When it comes to this chaotic economic environment generally what’s a good bargain for you is not necessarily a great one for the lender. Let me explain how things work today.
Let’s say you look at this vacant apartment building and after doing your math the potential Cap. Rate is at 15%. Awesome, you think! The lender should be able to see its potential so there should be no problem securing financing. Well, not quite! The first thing the lender thinks about is risk. What if you default on the loan and they get stuck with a vacant property that generates no returns? A lender’s willingness to invest in your deal will be based on the “What if’s” that are thoroughly analyzed.
So, let’s get this straight, what’s feasible and what’s not. Unless you and the transaction qualify for HUD financing there are no conforming programs with low rates. Don’t be in hurry to apply for a HUD loan if you’re buying for example a $500K distressed property. HUD financing is for sure a different breed. But let’s stick with your great deal on this apartment building. After you spend weeks looking for the best program with the lowest rates and points you realize there is no such thing. But, you tell yourself, this is a great deal that can be stabilized in so many months! Yes, I know and I have faith in you, but lenders don’t think that way.
So, how do you then get the financing? I am sure you’ve heard of hard money lenders. Oh no, it sounds so awful! You’ve heard before that those are the sharks that make lots of money by charging high interest rates and high points. Well, yes, they charge higher rates and higher fees to compensate for the higher risk. If you encounter difficulties and default in two months then your problem becomes their problem. Again, a reminder that any investment return is based on risk, the higher the risk the higher the returns and vice versa. And for them a vacant property that yet has to be rehabilitated and leased out is a high risk.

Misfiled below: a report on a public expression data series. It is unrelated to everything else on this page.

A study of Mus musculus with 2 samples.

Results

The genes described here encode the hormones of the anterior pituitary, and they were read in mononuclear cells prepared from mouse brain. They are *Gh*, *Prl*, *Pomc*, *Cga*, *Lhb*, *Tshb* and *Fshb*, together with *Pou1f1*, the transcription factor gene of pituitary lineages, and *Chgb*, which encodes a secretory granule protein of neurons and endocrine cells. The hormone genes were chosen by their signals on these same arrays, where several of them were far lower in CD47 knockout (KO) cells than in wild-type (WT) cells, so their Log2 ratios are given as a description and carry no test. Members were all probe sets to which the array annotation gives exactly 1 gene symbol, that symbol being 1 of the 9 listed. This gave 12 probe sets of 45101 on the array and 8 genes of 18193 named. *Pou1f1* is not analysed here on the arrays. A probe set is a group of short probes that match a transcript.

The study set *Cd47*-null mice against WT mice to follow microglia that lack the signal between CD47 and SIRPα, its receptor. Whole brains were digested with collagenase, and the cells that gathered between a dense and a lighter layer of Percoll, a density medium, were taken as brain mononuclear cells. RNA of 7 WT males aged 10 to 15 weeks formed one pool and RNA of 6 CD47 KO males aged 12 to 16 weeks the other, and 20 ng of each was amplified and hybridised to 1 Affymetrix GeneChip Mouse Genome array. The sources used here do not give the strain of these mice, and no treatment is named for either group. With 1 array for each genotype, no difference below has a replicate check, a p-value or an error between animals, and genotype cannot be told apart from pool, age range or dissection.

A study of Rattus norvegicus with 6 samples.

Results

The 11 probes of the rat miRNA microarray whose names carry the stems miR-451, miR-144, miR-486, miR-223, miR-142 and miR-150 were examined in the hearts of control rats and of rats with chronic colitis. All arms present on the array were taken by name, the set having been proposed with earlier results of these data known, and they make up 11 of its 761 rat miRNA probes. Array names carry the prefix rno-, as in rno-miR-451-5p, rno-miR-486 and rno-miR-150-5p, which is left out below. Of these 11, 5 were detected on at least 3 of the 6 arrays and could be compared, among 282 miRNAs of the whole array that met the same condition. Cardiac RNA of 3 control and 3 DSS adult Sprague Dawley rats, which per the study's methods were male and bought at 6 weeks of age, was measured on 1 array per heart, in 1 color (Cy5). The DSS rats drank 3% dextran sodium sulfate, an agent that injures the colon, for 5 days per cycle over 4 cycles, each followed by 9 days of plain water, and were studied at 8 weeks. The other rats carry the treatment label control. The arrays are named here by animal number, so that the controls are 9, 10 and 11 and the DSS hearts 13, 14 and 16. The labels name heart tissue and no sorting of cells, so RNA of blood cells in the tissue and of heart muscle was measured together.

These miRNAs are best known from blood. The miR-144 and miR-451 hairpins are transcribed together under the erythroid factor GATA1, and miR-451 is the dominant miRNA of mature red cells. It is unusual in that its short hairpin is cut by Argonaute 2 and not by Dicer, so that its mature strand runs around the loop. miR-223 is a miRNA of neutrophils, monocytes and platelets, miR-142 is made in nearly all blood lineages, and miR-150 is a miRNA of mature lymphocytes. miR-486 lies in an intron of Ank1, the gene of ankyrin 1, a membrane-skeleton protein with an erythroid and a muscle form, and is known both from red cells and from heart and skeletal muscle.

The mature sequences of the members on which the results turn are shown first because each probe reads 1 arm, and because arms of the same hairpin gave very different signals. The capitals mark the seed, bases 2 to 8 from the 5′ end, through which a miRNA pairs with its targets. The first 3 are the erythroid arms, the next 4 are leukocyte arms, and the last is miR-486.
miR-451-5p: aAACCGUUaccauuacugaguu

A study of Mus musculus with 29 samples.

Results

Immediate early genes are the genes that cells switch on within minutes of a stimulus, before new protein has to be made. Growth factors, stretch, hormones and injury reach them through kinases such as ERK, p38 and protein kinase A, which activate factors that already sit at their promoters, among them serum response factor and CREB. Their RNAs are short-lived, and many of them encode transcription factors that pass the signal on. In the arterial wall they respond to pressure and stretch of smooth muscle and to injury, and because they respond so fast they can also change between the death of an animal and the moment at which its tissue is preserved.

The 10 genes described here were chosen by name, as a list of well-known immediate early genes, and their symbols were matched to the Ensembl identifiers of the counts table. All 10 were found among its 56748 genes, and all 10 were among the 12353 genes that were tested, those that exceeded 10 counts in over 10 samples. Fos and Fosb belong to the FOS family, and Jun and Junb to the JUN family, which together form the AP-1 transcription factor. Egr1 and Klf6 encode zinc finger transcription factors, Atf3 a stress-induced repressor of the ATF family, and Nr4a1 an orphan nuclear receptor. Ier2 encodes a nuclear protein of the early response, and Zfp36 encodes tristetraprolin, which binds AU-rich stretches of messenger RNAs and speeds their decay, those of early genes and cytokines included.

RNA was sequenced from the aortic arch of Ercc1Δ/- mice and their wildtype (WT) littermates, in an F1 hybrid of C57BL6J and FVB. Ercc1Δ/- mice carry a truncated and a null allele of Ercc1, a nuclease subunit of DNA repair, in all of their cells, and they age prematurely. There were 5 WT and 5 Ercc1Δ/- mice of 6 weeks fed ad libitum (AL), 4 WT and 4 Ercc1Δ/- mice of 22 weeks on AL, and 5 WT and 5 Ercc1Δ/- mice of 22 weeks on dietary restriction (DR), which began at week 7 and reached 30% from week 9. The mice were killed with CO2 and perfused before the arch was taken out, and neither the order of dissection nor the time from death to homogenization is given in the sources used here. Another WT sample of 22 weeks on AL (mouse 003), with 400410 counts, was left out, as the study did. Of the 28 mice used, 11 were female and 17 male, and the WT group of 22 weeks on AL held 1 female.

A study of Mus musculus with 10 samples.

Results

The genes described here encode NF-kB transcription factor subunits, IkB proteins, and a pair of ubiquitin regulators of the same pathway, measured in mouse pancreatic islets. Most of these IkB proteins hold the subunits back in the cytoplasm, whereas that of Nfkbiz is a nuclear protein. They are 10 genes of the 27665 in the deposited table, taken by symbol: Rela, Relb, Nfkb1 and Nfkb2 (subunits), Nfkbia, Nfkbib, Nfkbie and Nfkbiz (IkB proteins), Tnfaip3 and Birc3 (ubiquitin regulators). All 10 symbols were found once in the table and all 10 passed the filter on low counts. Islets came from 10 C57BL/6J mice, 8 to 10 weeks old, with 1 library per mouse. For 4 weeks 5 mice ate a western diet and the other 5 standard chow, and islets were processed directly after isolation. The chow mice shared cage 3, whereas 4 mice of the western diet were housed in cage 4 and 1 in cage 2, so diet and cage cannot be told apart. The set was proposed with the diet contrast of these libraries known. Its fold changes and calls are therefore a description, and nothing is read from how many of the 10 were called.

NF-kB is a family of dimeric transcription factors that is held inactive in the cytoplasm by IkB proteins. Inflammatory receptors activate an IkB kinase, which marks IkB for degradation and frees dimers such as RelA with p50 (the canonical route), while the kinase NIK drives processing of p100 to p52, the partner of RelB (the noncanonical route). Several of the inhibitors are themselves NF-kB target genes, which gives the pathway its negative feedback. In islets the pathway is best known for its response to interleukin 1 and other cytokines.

Knowing this you’ll then want to determine whether hard money financing is worth it or not for your deal. Here are a few tips for you.
1. Your initial investment is at roughly about 50% more or less of the acquisition cost. Acquisition cost includes the purchase price, the cost to rehab, and the closing costs.
2. Hard money lenders are in it for a short period of time. You won’t get long-term loans with them, typically 6 months to a year. That means you must stabilize the property within that time frame.
3. You won’t get financing without a solid Exit Strategy. If you just tell them you’ll sell the property that is not considered a solid strategy, unless you can prove a future sale with a P&S agreement from a qualified non-related buyer, a substantial deposit, and the ability of the qualified buyer to purchase your property.
4. What’s considered a feasible Exit Strategy is your and your building’s ability to qualify for future permanent financing.
5. If you’ve never owned an apartment building in the past it’s very realistic to say that you won’t get the financing unless you can prove you’ve had extensive experience in the field. Or if you partner with someone who has the experience of ownership, that may be another way.
6. If you’re trying to borrow the down payment from another source that’s a “no, no”. You must prove it’s your own capital you’re investing.
7. If you’re using all your money for this transaction and you’re left with a dollar in your bank account it’s another concern. You must prove you have enough reserves to continue with the project just in case the preliminary estimates have been under-estimated.
8. And finally, you must be well equipped to prove yourself and the potential of your deal. I’ll teach you how to build your credibility with the lender in a future post.
Yes, effort on your part is expected into such a transaction but if the outcome looks bright it may be worth it. I wish you luck and prosperity! And don’t forget to visit my site to learn more about how I may be able to help you with your potential deal.